Digital technology has transformed a huge number of industries, changing the way people interact with goods and services, and creating all sorts of complications involving ownership and copyright infringement. The battles over these rights in the entertainment world have been furious, and don’t seem to be going away. While digital film, TV, book and music sales are now completely commonplace, the way these virtual assets are bought, sold and transferred is still frequently contested. One company on the cutting edge of these issues is ReDigi, an online marketplace that launched towards the end of 2011 to give private citizens a way to resell digital music they had purchased online. In what may end up considered a landmark case, a New York federal judge ruled that ReDigi’s platform infringes on the record label’s copyright ownership.

ReDigi’s argument is that their claim is covered under a defense known as “the first sale”. This is a legal principle that suggests that once someone purchases any sort of copyrighted item, be it an album of music, a book or a painting, they should be allowed to resell that item as they see fit. ReDigi felt that this same argument should also hold true for digital items that are copyrighted. But Judge Richard J. Sullivan was having none of it. He declared ReDigi will be held liable for infringing on the copyright held by Capitol Records, the other party in the suit.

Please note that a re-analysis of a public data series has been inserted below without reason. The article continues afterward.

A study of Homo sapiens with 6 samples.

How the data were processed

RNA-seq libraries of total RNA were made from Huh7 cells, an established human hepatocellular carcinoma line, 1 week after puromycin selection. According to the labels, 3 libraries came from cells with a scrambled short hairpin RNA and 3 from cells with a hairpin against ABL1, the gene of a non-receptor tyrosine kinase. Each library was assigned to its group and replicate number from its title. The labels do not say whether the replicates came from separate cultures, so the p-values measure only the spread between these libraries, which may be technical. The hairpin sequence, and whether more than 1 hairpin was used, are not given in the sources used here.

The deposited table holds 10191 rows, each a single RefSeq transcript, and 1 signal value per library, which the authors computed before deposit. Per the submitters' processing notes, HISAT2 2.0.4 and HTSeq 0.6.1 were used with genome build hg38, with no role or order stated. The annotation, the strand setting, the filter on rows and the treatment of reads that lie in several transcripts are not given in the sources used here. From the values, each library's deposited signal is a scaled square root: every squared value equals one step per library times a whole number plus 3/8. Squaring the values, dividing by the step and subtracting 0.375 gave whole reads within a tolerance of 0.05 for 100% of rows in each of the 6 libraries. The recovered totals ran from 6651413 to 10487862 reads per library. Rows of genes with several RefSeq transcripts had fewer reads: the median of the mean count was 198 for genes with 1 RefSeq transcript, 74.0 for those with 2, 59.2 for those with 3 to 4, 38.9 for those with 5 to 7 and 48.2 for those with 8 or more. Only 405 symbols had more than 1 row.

In fact, Judge Sullivan discounted the first sale doctrine entirely. In his remarks, he mentioned vinyl records and cassette tapes as a comparison, suggesting that those were not covered under the same defense either. That would be news for the hundreds of used record stores across the country populated with copyrighted works resold by private citizens.

ReDigi released a statement declaring their disappointment with Judge Sullivan’s ruling. They will be appealing the decision, but also very quickly pointed out that the copyright infringement findings only apply to ReDigi 1.0, and cannot be held against their recent update to version 2.0. The judge didn’t like this suggestion either, and underlined that future updates won’t be considered unless they are brought up in a suit. Regardless, the ruling on ReDigi 1.0 is firm and clear. Damages will be awarded to Capitol Records, but the exact amount has yet to be determined.

ReDigi is fairly small potatoes in the digital marketplace, but prominent players like Amazon and Apple have been closely monitoring this case. Both online giants are attempting to patent their own secondary marketplace offerings, neither of which have launched yet. It’s clear that record companies aren’t willing to play ball with this approach, regardless of how it may help the band or music promoter trying to sell concert tickets. ReDigi promised that once a secondary sale is completed the original file would be deleted from the previous owner’s hard drive. But that didn’t seem to impact the ruling, which was clear and seriously one-sided. Things may escalate all the way up to the Supreme Court, which has ruled in favor of the first sale doctrine in the past.